Federal officials have revised an Obama-era rule curbing methane emissions from the oil and gas industry, putting environmental groups on edge.
The Bureau of Land Management rule, finalized in 2016, limited venting and flaring from oil and gas development on federal land. Multiple attempts to ax the new restrictions failed last year, including a push from the U.S. Senate to undue a host of federal rules passed in the final months of the Obama administration.
Wyoming’s response to the controversial venting and flaring rule, both during its development and since it became effective last year, has been mixed.
For many companies operating in the state, the new rules would mean increased oversight of pipelines and the additional cost of equipment to monitor for leaks. Industry groups argued the rules exceeded the Bureau of Land Management’s authority. To environmental advocates, the rule was a way to reduce emissions that contribute to climate change and degrade air quality in industrial hot beds from Pinedale to Laramie County.
Federal officials appeared to take industry’s side, undoing the most contested aspects of the rule and touting the boon new regulations would be for rural energy development.
“In order to achieve energy dominance through responsible energy production, we need smart regulations not punitive regulations,” said Joe Balash, assistant secretary for land and minerals management for the agency, in a statement Tuesday.
Western politicians also called the revision a win for energy. Sen. Mike Enzi said the rule was part of “an anti-fossil fuel agenda.” Sen. John Barrasso said he was pleased that Interior Secretary Ryan Zinke was revising the standards.
“If left in place, the rule would have discouraged energy production and job creation in Wyoming and across the West,” he said in a statement Tuesday.
Wyoming is the largest producer of federal natural gas in the country and one of the largest of oil. The federal influence on mineral development in the state has become increasingly contentious in recent years as drilling practices have forced a greater overlap of federal and state management for companies to juggle.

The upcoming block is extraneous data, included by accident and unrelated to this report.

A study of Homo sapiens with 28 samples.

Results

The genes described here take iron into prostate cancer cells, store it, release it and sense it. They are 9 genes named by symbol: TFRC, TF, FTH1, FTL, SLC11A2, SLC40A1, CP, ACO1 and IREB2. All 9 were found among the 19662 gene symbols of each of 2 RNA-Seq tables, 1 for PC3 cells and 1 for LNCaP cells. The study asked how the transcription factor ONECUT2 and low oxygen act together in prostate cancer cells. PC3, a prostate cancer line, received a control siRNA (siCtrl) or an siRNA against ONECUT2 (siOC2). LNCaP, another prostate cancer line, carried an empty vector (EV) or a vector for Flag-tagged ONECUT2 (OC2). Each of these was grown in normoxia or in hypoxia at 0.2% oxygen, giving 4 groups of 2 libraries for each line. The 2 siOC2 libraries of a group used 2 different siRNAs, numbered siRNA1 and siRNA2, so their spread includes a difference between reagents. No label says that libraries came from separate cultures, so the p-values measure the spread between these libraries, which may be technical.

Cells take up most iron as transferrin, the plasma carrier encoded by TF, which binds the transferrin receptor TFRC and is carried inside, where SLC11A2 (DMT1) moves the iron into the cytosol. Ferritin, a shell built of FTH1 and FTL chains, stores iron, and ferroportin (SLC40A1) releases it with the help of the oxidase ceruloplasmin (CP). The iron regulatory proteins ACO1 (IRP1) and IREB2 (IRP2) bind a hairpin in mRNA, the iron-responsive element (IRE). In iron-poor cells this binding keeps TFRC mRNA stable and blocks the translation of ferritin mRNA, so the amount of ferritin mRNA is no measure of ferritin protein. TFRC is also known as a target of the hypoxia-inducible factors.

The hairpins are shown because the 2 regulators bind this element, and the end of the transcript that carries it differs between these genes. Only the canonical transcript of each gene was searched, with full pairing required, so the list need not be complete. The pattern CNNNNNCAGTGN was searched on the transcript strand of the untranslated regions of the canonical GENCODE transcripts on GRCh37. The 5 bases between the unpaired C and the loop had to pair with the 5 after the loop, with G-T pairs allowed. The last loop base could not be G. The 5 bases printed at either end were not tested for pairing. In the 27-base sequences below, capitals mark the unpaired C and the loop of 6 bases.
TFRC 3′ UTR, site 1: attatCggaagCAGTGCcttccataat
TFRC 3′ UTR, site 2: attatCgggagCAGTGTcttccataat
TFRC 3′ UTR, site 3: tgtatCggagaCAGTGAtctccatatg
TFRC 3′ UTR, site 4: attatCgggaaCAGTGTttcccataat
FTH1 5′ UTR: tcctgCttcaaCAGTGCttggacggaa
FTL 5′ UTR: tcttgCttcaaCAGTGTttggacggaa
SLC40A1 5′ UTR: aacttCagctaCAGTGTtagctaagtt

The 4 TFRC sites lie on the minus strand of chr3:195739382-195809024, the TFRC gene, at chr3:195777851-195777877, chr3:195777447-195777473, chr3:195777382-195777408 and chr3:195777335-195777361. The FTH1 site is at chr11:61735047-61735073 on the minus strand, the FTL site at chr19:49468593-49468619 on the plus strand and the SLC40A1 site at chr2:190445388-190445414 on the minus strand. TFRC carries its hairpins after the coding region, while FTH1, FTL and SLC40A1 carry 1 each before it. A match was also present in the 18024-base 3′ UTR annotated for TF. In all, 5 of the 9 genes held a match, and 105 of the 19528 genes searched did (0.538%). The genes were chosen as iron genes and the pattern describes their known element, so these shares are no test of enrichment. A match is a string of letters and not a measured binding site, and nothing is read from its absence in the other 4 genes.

Nonetheless, a number of Wyomingites are supportive of aspects of the Bureau of Land Management rule, favoring practices that reduce methane emissions, like mandating technology that catches leaks. A recent survey from Colorado College found that 77 percent of Wyoming residents polled favored such standards.
Some environmental groups have focused on the air quality issue raised by methane emissions, others on the potential to harness a publicly owned resource — natural gas — for sale.
Wyoming has its own standards for venting and flaring, as well as methane-reducing standards from the state Department of Environmental Quality in regions of the state where air pollution from industry has been a recurring problem.
Companies in the Upper Green River basin participate in low emissions days during the winter to counter ground level ozone spikes. They also follow state obligations that are similar to those in the Bureau of Land Management methane rule under revision, such as on-the-ground checks of infrastructure and the use of infrared cameras to spot fugitive emissions.
The Environmental Defense Fund, which has touted the benefits of the methane rule since its inception, put out a statement arguing that the revisions would cut the most effective aspects of the rule, despite its widespread support outside of industry.
“The proposal (Zinke) put forward today would only serve to reward the least responsible actors in industry at a time when other companies are moving forward to tackle methane waste,” said Fred Krupp, president of the advocacy group.
The proposed revision of the BLM rule is up for a 60-day public comment.